What is it about the retro food of the 1970s that is so appealing?
Is it a generational thing? Am I only nostalgic for 1970s foods because I was growing up then, and do other generations miss the food of other decades? Or is it the sheer "guilty pleasure" appeal of digging into things like avocado Ritz, chicken liver paté, chicken a la king, cherries jubilee or baked Alaska? You know they are uncool, but they just taste so damn goooood!
Either way, there is great amusement to be had by leafing through my mom's classic 1970s cookbook Entertaining by Robert Carrier, but also great satisfaction in taking a slightly naff, retro 1970s dish and giving it a little makeover. I have always been a fan of sweet and savoury flavours in a single dish, starting with my childhood habit of spreading one slice of bread with apricot jam and the other with Bovril (a salty beef spread) and making a sandwich; and developing into a mild obsession with salted butter caramel anything. At Christmas, when my mom made a roast gammon, I was always happiest munching on a combination of the salty, smoky meat and some sweet pineapple chunks that had been used to decorate the glazed gammon. But despite my love for this flavour combination, I never could bring myself at other times of the year to make or order a gammon steak with a slice of tinned pineapple on top. It just seemed somehow fundamentally… wrong.
And since coming to the UK, I have also discovered that it is hard to find good gammon steaks in supermarkets. Sure, you get them, but they seem kind of… weird. Too thin, too unnaturally all-the-same-shape – and when you cook them all this ghastly white goo oozes out. Lovely. So I was rather pleased when the good folks at Pipers Farm got in touch and asked whether I would like to sample some of their gammon steaks. Silly question! The steaks were duly delivered to my desk, really well-packaged and still chilled. The first thing that struck me was how real the steak looked – not re-formed and odd; and the second thing was the packaging: each steak is individually vacuum packed which is a bonus for saddos like me that tend to freeze steaks/chops/chicken breasts in clingfilmed parcels of two – just enough for me and Nick.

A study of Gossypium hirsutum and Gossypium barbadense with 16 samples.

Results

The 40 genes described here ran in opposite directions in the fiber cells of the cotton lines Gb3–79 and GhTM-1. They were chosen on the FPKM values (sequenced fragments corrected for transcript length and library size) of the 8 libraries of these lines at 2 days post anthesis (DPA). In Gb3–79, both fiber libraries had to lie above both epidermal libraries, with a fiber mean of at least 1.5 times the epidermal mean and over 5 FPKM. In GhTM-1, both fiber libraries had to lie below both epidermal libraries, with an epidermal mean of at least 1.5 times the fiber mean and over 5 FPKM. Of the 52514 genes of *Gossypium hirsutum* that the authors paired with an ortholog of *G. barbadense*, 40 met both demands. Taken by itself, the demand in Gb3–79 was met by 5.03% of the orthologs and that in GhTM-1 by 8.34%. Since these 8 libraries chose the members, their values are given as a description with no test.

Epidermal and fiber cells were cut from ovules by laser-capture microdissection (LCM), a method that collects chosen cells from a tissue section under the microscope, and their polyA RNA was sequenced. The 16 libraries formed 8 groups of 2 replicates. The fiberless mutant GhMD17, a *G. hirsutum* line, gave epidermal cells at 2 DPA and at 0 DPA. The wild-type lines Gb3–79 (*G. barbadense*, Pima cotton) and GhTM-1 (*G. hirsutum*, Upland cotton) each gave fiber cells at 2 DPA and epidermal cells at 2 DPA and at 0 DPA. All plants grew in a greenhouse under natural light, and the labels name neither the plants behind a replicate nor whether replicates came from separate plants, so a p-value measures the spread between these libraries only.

Peter and Henrietta Greig are farmers and butchers based at Pipers Farm in Cullompton near Exeter and produce a variety of excellent fresh meat and ready-cooked dishes. And with over 20 years' farming experience, they know a thing or two about raising happy animals to make excellent meat. All the meat that they sell or use is produced on the farm and is completely traceable. The animals are reared in small groups and are fed grass and cereals, and high welfare standards are adhered to. The meat is processed in a small, local abattoir which minimises transport and distress. And I believe them when they say that you can taste the difference in the meat! Apart from a range of fresh meat products (roasts, sausages and steaks, to name but a few), there are also prepared meals available either through their Exeter butchers shop, or online via the Pipers Farm website (they will ship throughout the UK).
And the verdict? A huge thumbs up to Pipers Farm from me! The steaks had a good meaty texture, just enough fat, and were not overly salty (as gammon goes). I would definitely order these again and am now tempted to try some of their other goodies. And as for the combination of the meat with the caramelised spicy pineapple slices… oh my. Even my usually reserved husband interrupted his chewing to tell me how good the combination is – so I guess they were on to something in the 1970s. I'm off to put on my corduroy flares and tie-dyed T-shirt :)
GAMMON STEAKS WITH CARAMELISED PINEAPPLE (serves 4)
4 gammon steaks
1 fresh pineapple
soft brown sugar
Remove the gammon steaks from their packaging and soak in cold water for half an hour – this gets rid of excess salt. When ready to cook them, rinse the steaks and pat dry.
While the steaks are soaking, prepare the pineapple. Cut the spiky top off as well as the woody bit of the base. Stand the pineapple upright on a chopping board and working in sections, slice off the thick skin from top to bottom with a sharp knife. Don't slice off too much skin otherwise you lose too much of the fruit! There will probably be little brown spines left in the centre of each "segment" after you have peeled the pineapple – remove these by cutting a little cone around them with the tip of a sharp knife.
Lay the peeled fruit on its side and slice into rings about 0.5cm wide. Heat about a teaspoon of butter and a teaspoon of sugar in a frying pan over medium-high heat. Once the sugar has melted and the pan is bubbling, add the pineapple slices in a single layer (work in batches – you might have to add more butter and sugar between each batch). Fry for about 2 minutes on each side, until the slices are nicely caramelised. As you remove each slice from the pan, sprinkle with a little cayenne pepper. Keep the pineapple warm while you cook the steaks.
Melt a little butter in the pan (I used the same non-stick one as for the pineapple) and fry the steaks over medium-high heat for about 4 minutes per side until done.
Serve the steaks with the pineapple slices and creamy mashed potato.